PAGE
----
When drafting a new Local Plan, the council has to follow a set procedure created by national government. Creating a new Local Plan Document includes several stages of work, evidence collection, and consultations.
Purpose: to inform Members about the representations received during the consultation on the Issues and Options document from January to March 2017. It also includes the proposed high level responses to representations.
Recommendation(s) - that Committee is requested to resolve:
Purpose: To agree Issues and Options for the review of Slough’s Local Plan which would be the subject of public consultation.
This Council consulted on the proposals submitted in the Call for Sites consultation. There was a positive response, the consultation document is in several sections below due to its size. In order to encourage responses the Council did not include any policy or intrinsic interpretation or evaluation of the proposals submitted.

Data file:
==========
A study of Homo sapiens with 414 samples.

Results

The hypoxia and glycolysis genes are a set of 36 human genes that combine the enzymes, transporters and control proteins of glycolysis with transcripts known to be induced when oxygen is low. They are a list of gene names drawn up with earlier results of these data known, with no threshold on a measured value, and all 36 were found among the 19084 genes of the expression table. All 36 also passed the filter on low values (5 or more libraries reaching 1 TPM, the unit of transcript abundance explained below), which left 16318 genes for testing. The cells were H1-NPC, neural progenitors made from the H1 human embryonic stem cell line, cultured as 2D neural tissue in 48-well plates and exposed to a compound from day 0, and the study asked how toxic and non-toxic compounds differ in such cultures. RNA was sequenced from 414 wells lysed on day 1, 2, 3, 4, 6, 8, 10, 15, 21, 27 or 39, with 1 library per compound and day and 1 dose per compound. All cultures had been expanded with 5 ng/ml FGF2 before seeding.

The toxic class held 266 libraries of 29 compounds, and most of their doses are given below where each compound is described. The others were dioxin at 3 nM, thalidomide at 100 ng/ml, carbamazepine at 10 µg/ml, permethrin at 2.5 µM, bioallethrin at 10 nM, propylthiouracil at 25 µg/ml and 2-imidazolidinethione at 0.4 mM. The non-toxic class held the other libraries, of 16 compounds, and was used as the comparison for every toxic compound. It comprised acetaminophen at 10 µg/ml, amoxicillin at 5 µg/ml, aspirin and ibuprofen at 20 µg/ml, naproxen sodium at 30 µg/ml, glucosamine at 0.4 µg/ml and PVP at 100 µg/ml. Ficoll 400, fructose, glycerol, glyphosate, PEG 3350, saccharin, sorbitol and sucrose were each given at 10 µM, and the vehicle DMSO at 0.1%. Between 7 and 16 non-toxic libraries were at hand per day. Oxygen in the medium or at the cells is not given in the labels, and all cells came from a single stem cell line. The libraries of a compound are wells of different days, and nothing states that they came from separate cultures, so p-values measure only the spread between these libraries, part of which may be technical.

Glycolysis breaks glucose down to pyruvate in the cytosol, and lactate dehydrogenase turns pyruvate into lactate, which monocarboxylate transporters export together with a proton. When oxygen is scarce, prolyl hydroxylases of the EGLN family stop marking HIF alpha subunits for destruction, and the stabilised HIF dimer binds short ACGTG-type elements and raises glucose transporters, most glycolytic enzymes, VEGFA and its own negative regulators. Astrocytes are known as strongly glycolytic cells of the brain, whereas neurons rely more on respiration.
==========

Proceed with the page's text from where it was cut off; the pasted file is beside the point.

The Council held a 'Call for sites' to gather information about sites suitable for residential, employment, retail, open space or community use that can help deliver the policies of the new Local Plan. Over 130 proposals were put forward from the public, developers, landowners or other organisations.
The Council is required to notify ‘specified bodies and persons’ of the subject of the new Plan and invite representations about what it ought to contain. The required details for this are set out in the Regulation 18 Consultation letter below. Comments on the proposed scope and content of the Local Plan DPD were reported to Planning Committee in April 2016
There is a legal requirement for Councils to engage constructively, actively and on an on-going basis both with regard to the evidence base and in the formulation of the new Local Plan. It is important to support neighbouring authorites to do the same and the Council follows this through regular Officer and Member contact. However to ensure Slough complies with this the Council consulted on a draft Scoping Statement in October 2015 with its ‘Duty to Co-operate’ partners. That identified the strategic cross boundary matters that are likely to arise, and an initial list of those parties the Council considered should be involved.